Andrew Wong clearly isn’t satisfied by running just one award-winning restaurant.
His first venture, A Wong in Pimlico, has held on to its Michelin star ranking again this year. But, while celebrating this victory, he continues to pour even more love and attention into his new Chinese food and drink haven – Kym’s.
Named after the original restaurant that Wong’s parents owned for 27 years in West London, this iteration focuses on a simpler form of Chinese dining. He specialises in all kinds of roasted meats while adding a few traditional dishes from several regions of China. It pays tribute to his family’s old restaurant and the inspiration he has gained over the years from Chinatown.
But Kym’s is located right within London’s newest culinary destination – the Bloomberg Arcade – and so can’t be too homely in appearance.
The restaurant is split over two levels with a fake cherry blossom tree sprouting up out of the bar and arching out over the staircase. It’s all quite glamorous.
Sit up at the bar, beneath the blossoms, and dig into a few of the Asian-influenced cocktails. Go for either one of the Sichuan Sours or the Yuzu Negroni made of yuzu-infused sake, rose vermouth and Campari. They’re simple and elegantly garnished, much like the rest of the Kym’s experience.
While sipping on these beauties, peruse the menu and lurk over to the open kitchen to see what the chefs are cooking up. Watch as the dishes slide over the pass, taking note of those which look the best.
Waiting staff deliver a refreshingly honest wrap-up of the menu, pointing out their favourites. Select about six to eight different dishes between two people and prepare to share.
Like most new laid-back eateries in London, it’s all about tapas-style dining. And we have no qualms with that. It simply means you get to try more of Wong’s creations. Start off with the French bean fritter which acts like a warm and spicy tempura salad. Pair it with rich Sichuanese-spiced aubergines and then get into some of Kym’s wines, each chosen to work well with a wide variety of flavours. They’ll compliment the food, cut the spice and stand out themselves.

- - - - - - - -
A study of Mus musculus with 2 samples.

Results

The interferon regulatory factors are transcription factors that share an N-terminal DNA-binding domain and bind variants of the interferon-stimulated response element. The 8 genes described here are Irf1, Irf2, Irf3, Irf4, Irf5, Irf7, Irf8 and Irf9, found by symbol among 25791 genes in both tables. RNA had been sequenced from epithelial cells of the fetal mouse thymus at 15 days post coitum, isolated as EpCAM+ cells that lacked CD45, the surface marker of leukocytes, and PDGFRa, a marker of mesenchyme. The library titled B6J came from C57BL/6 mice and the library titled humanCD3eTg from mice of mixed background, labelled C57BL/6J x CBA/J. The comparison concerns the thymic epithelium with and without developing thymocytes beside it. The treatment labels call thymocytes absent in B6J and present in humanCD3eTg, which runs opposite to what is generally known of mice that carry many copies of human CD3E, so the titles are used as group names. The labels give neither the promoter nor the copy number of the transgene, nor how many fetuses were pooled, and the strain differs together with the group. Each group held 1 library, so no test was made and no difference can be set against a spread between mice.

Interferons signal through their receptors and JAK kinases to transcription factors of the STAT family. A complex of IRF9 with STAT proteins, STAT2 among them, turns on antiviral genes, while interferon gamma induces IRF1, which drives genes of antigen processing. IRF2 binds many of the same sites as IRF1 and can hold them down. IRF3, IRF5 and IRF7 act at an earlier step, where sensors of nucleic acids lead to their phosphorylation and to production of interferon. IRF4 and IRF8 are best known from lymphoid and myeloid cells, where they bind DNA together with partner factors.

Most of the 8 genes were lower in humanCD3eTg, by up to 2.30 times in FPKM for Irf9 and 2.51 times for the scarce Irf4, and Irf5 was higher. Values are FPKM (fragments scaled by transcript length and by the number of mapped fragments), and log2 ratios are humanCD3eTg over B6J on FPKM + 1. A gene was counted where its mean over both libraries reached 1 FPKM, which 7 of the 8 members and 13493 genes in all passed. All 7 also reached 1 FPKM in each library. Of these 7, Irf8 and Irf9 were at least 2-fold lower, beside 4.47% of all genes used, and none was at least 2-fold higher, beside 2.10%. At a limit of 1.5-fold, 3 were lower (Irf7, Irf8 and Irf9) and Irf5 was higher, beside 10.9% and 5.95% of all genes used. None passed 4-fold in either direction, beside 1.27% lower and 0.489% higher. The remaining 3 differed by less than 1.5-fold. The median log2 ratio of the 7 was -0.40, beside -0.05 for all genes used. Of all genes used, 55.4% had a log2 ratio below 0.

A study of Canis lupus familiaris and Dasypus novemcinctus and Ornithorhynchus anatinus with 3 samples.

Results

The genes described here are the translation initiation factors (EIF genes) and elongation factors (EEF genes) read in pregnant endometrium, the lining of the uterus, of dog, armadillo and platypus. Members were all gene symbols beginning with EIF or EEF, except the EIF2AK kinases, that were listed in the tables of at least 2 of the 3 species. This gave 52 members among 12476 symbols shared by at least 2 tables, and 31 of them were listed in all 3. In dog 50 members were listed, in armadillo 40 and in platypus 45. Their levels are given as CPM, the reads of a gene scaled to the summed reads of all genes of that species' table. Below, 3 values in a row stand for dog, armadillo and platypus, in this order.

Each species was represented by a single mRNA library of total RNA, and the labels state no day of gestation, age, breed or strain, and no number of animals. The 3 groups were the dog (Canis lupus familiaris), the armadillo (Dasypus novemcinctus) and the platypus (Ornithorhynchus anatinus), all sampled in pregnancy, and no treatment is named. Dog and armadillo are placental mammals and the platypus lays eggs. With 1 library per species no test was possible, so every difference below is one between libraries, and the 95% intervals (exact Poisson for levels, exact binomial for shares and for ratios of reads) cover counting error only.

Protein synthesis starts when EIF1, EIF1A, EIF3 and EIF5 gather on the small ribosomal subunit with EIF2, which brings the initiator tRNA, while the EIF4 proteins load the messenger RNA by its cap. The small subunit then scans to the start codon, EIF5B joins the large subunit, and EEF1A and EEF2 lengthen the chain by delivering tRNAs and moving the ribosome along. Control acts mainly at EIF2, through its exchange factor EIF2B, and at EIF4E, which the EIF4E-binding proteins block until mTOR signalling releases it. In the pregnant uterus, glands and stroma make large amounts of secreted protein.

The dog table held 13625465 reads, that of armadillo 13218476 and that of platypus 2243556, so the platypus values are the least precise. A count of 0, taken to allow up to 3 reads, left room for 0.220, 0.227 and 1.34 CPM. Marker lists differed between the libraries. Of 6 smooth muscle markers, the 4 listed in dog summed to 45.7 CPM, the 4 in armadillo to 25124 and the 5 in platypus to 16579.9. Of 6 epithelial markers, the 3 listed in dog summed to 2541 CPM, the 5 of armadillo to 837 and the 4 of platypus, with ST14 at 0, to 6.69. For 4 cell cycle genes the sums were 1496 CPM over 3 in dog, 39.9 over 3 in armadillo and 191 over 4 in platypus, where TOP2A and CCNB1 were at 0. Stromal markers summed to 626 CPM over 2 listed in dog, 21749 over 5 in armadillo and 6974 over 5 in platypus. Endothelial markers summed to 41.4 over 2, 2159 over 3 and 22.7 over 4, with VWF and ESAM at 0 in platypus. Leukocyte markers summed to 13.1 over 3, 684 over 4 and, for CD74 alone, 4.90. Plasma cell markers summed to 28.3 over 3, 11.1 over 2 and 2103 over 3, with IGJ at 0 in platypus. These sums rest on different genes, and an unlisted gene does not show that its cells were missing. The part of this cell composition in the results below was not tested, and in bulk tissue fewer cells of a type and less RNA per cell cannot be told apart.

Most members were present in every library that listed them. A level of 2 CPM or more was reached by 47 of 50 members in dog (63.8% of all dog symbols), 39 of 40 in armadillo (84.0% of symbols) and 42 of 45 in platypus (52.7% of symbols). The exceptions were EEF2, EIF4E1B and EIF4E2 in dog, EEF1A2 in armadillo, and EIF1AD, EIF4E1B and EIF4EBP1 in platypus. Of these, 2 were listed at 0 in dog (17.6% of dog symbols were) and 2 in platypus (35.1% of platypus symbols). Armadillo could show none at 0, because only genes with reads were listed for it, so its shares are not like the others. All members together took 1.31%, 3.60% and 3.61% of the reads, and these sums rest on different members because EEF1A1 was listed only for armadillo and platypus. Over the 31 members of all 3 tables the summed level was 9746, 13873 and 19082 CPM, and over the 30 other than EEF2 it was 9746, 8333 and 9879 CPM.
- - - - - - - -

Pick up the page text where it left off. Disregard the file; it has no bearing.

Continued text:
And you’ve got to try the mushrooms buns. The fluffy homemade dough encases a hearty chestnut mushroom and cocoa centre which is both sweet and savoury. We just wish we had some sauces or chilli oil to bring it to the next level. Sadly, the tables aren’t adorned with such accompaniments.
But you are spoilt for saucy choices when you get on to the main menu. For instance, the Three Treasure dish, a plate of sliced crispy pork belly, soy chicken and Iberico pork char sui, comes with three perfectly paired dipping sauces.
We held on to these for the rest of the night, adding an extra layer of deliciousness to each dish. The heroes of Kim’s would have to be the meaty mains. The duck and plum pancakes are a real knockout. As are the Xian City lamb burgers. But pull yourselves away from these for a moment to try the puffed tofu soaked in a rich shitake mushroom broth with mung bean noodles. It is a homely and hearty dish that contrasts well against the roasted meats.
And no matter how much food you have consumed, there is always room for dessert. So, get around the Chinatown pineapple bun with custard for the perfect finish.
Basically, it’s a massive doughnut made to shared – or fight over. Proceed to finish off your wine, order an Espresso Martini and call it a night.
The only thing we could have wished for when visiting Kym’s was the chance to try even more food. This can easily be rectified by bringing a bigger group of people down, even if it’s just so you can order a wider variety of dishes.
The dream would be to have one of everything. That way you won’t be jealous of the culinary creations being consumed by your neighbours at the table over. But sadly, this food envy is inevitable at Kym’s.
So, when visiting, listen attentively to the waiters and go with your gut. Feel safe in the fact that no matter what you order, you won’t be disappointed.